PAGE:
Tango (the Dance) Genealogy

The evolution of tango has not followed a single, easy to track, path. It is rather quite a mess, so in an attempt to figure out how it all goes together, I tried putting my current understaning together in a chart (pdf) showing the main developments of the tango dance in all its incarnations.

Just to reiterate: in my opinion there are two distinctions that really matter in tango: Social vs. performance, which I covered before, and good vs. bad. Which is nothing new, of course:

No hay tango viejo ni tango nuevo. El tango es uno solo. Tal vez la única diferencia está entre los que lo hacen bien y los que lo hacen mal There is no old tango nor is there new tango. Tango is one. Perhaps the only difference is between those who do it well and those that do it badly. > > _Aníbal Troilo_ > >

Still, the intricacies of styles and evolution in tango is a fascinating topic, and this is my humble and far from perfect attempt to visualize  tango’s development. Constructive criticism, additions and corrections of errors are most welcome. Suggestions for improvements in formatting likewise. Bear in mind that many of the terms are not well defined, and different people may refer to the same things under different names or to different things under the same name…

Some notes about this chart: I started out from Stephen Brown’s Evolution of Argentine Tango Styles, but I have made some additions and modifications. The term “tango salón” is ambiguous at best when describing tango styles. In my opinion, what is often referred to as milonguero style is also tango salón, but there seems to be no widely acknowledged term for social tango not including  milonguero style or nuevo.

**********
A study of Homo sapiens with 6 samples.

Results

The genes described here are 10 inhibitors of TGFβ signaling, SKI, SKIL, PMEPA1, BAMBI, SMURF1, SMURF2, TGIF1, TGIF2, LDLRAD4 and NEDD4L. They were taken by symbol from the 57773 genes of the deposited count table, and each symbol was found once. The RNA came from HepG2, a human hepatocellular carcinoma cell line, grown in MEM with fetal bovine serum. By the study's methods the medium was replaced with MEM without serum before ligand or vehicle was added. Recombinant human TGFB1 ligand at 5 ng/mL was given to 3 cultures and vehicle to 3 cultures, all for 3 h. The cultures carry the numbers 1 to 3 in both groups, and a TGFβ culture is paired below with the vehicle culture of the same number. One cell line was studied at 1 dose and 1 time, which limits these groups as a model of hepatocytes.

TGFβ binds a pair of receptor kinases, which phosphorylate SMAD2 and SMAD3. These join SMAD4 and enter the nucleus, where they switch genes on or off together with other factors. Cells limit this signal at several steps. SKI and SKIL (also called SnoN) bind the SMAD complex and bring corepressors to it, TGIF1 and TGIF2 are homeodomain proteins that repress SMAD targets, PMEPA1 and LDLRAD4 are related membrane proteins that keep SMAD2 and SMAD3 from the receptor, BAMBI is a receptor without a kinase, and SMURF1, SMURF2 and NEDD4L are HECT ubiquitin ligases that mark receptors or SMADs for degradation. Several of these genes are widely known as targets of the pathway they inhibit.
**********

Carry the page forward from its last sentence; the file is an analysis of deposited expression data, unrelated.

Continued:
In lack of a better term, I used “Modern Salón” to denote the current mix of several styles of social tango. I grouped several geographical styles under the somewhat arbitrary Northern (roughly from Palermo, Crespo  to Pueyrredón, Urquiza and Saavedra etc.), Centre and Southern (roughly La Boca, San Telmo etc). This is in accordance with Christine Denniston’s observations.

I created the chart with graphviz (dot), the chart source is available here. Tango (the Dance) Genealogy by Simba tango is licensed under a Creative Commons Attribution 3.0 Unported License.